Mind Over Body

mind-over-matter

I’m into the 4th week of training and the time has come to focus on strengthening my mind. A shift in how I think during my runs is necessary and important, as my weekly mileage climbs.

Up until now, I’ve allowed myself to walk when I’m winded or when a hill becomes particularly challenging. Listening to my body continues to be paramount in building endurance, so I don’t injure myself. But here’s what happens: As my body gets stronger, my mind still signals me to slow down, walk a little, catch my breath. And the second I hear that thought, Psst, this is hard. Let’s walk! — my legs turn to cement blocks and my lungs catch fire and before I know what’s happened, I can’t keep going.

There’s a great runner’s inspirational quote that goes something like this: “Running never gets easier, I just get better.” So true!

From past training seasons, I know something else that’s true. If you discipline your mind and keep an active dialogue with yourself during every run (read *cheer yourself on* or *be your own drill sergeant*) , you will not have to walk because your body is actually strong enough to continue running. And only when you tune out those weak thoughts will you realize just how strong you are.

I’ve also got to apply the same principle of mind control when I’m choosing the foods I eat throughout the day. But that’s for another post. 🙂

I’d love to know, how do you quiet that inner voice that begs you to slow down or walk?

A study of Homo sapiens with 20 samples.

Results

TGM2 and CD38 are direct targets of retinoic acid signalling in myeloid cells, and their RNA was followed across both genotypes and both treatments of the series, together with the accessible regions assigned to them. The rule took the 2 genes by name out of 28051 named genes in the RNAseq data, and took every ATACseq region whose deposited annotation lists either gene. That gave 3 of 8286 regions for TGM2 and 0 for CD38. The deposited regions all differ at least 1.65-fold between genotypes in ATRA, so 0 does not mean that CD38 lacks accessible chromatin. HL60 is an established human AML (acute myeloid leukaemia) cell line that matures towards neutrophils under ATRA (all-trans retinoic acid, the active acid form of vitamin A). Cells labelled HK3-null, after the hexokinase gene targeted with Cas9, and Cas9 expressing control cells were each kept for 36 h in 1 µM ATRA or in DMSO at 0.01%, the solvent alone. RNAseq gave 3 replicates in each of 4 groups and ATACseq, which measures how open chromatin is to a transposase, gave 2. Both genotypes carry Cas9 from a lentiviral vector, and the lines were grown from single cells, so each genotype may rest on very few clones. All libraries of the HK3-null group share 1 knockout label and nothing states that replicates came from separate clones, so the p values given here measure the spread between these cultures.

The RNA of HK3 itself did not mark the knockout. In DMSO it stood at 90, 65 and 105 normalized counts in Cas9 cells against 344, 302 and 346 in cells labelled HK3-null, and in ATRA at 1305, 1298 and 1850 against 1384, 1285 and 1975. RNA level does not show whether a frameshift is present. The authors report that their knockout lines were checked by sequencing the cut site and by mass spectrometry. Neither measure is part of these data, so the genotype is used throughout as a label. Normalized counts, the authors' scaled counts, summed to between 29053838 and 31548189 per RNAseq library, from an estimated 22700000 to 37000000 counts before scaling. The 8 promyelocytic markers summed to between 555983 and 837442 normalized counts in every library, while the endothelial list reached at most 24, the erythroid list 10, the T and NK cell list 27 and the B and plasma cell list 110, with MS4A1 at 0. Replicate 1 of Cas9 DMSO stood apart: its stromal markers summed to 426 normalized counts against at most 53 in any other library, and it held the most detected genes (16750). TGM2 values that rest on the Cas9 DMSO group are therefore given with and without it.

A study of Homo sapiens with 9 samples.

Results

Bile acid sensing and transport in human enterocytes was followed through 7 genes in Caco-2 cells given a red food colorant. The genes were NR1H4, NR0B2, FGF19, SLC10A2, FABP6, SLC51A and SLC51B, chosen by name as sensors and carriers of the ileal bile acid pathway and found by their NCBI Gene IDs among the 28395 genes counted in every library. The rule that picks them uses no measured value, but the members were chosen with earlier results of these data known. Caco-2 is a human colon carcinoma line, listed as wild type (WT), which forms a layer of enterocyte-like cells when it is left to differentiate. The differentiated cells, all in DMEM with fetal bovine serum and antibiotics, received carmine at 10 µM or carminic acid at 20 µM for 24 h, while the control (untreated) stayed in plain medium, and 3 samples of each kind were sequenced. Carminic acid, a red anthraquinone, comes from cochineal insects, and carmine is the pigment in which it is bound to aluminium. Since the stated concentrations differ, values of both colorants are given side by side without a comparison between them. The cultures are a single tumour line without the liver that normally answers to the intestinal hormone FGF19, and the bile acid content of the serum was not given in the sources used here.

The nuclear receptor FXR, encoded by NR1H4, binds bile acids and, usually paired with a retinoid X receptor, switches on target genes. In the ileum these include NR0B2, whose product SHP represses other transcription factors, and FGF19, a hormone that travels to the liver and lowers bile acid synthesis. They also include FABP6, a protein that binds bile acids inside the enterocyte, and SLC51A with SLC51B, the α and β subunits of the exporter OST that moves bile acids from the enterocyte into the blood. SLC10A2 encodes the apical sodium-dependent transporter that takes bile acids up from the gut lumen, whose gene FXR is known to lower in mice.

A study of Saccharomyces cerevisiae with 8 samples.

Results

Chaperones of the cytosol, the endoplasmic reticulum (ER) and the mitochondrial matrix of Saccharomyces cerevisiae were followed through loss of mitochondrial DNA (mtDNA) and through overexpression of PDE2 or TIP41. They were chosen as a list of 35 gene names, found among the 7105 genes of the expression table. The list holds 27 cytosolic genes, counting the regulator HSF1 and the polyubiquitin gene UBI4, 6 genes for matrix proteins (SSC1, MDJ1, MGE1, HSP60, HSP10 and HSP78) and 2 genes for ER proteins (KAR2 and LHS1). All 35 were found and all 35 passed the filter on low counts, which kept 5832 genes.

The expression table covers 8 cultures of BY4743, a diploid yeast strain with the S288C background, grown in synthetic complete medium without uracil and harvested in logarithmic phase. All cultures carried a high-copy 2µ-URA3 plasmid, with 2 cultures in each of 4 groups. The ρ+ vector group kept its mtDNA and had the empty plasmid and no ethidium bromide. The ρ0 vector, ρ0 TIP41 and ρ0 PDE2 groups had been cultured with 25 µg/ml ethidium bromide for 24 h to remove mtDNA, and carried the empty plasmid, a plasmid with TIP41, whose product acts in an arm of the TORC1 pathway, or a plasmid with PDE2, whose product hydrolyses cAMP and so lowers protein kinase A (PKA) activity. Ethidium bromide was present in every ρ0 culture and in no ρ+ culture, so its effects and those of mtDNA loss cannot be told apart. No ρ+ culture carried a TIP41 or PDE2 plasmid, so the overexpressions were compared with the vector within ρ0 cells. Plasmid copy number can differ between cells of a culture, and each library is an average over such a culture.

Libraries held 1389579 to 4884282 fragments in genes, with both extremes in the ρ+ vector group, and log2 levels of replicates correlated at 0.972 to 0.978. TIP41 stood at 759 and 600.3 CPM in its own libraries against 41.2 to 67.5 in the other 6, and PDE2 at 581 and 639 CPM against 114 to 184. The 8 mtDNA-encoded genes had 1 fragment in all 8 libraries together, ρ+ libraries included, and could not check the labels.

I write stories and I run. Sometimes at the same time, though it's really hard to read my handwriting afterwards. *Note to Self: Buy a portable recorder* To read examples of my short fiction, visit http://nicoleducleroir.blogspot.com and click the Published Work or My Short Stories tabs.

  1. For me, that voice has never gone away (I’m not a lifelong runner, but I’ve run my share of distance races). It still comes up regularly. It’s not for everyone, but I’ve found running with a heart rate monitor to be incredibly beneficial. It gives me an unbiased measure of how hard I’m actually working. If I feel worn out and like I need to start walking, I look down at my wrist and usually see that my heart rate hasn’t gone up any, and I’m in still in my “normal” training range, so I know that the struggle is in my head and that my body isn’t needing to stop yet. Does that make any sense?

  2. RunKateRun says:

    I also battle with this having just started my half marathon training recently. I find that forcing myself to think about something unrelated to running sometimes helps. I think about things to sort out at work and things I want to get done over the weekend. It sort of helps because I almost forget I’m running and don’t pay attention to the burning sensation in my legs. Sometimes I just count my breathing and that can help a little.